It’s never easy for any fighter to step into a bout on short notice, especially when it happens to be their UFC debut. It’s common knowledge amongst fighters that the first time stepping inside the Octagon is a nerve-racking experience. The bright lights, the screaming crowds, and hearing Bruce Buffer call their name for the first time can be equal parts exciting and stomach churning before the door closes and it’s just two people left inside a caged Octagon ready to go to battle.
For his debut fight in the UFC, Alex White replaced former WEC champion Mike Brown on just a few weeks notice to face Estevan Payan, but despite his undefeated record and outstanding finishing rate, expectations were still low just based on all the factors surrounding the fight. White was 9-0 at the time with eight finishes to his credit, but none of those wins took place in the UFC so it’s almost as if he was stepping in with no experience and just a sense of curiosity on how things would go.
Less than 90 seconds later, White blistered Payan with strikes and finished the fight by TKO to get his first UFC win. It appeared White had bested the mythical ‘UFC jitters’ and pulled off a rapid fire debut victory. In reality, White was a duck on a pond — cool, calm and collected on the surface but just below the break of the waterline his legs were churning a mile a minute just to stay afloat.
"I was pretty nervous. Before I got there I was okay and after the day of the weigh-ins and then the day of, that’s when the nerves kicked in," White told FOX Sports. "All I could think about was the fight — what if he did this or did that, and what would I do to counter off it. I think it worked pretty good. I felt good, so I’m ready to do it again."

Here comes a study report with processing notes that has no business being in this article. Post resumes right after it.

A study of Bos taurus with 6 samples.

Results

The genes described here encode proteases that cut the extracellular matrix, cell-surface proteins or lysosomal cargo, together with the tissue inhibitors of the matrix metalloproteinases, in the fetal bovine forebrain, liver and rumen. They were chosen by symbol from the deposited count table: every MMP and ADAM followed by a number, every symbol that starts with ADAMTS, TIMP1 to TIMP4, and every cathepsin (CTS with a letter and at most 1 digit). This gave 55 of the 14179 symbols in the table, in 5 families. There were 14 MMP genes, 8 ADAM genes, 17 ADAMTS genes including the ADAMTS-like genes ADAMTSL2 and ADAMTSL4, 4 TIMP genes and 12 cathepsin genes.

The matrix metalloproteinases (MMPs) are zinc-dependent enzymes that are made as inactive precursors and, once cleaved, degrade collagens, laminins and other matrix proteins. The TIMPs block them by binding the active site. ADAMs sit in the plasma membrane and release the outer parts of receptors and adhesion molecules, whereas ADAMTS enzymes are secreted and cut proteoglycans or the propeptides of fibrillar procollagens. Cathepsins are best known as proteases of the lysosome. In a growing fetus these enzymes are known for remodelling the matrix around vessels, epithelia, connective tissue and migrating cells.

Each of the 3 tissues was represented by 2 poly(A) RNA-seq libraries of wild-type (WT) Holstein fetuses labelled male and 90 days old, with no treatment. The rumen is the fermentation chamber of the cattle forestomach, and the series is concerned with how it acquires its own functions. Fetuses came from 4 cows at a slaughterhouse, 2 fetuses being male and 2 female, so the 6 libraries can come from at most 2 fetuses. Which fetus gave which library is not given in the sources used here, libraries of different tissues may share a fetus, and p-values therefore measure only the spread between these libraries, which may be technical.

It’s kind of like a trophy because getting ‘Performance of the Night’ means I did good. It goes to tell me that I was ready for it and I only showcased a little bit of my skills, but enough to get it.
— Alex White
The win felt great in the moment, but what felt even better was later that night when the UFC handed him a check for $50,000 for ‘Performance of the Night’. In the days leading up to his debut, White was still working a day job and training whenever he had time off. Now he was a UFC fighter with a win on his record and the biggest single amount of money he’s ever seen in his entire life.
Even the bank tellers back at home when he cashed the check had to do a double take.
"The teller is just thinking this is another day and her eyes got kind of big," White said with a laugh. "They had to double check themselves on the amount and they asked me if I planned on going shopping."
At 25-years of age, it would have been very easy for White to go out and splurge on some fun toys that he never got to have while working 40 hours a week and eking out a fight career on the regional MMA scene. Instead, White did the responsible thing and paid off his debt and now as he approaches his second fight in the UFC, he’s a man who only has to focus on two things — training and paying his rent.
"It’s kind of like a trophy because getting ‘Performance of the Night’ means I did good. It goes to tell me that I was ready for it and I only showcased a little bit of my skills, but enough to get it. The money that was mindblowing," White said. "I’ve already got everything paid off. My two cars are paid off. I don’t have anymore bills besides rent and insurance. So now I’ve just been looking into houses."
While he won’t make predictions about how he’s going to feel for his second UFC fight, White is confident the days of getting nervous before stepping into the Octagon are over. Now it’s about getting down to business and proving that his debut wasn’t a fluke.
And if he can earn another $50,000 bonus, well he’s certainly not going to complain about that.
"I’m going in there to do what I do to get a ‘W’ but to go in there on that night and get a bonus with all the other fighters on that card, that would be phenomenal," White said. "There’s some good fighters on that night."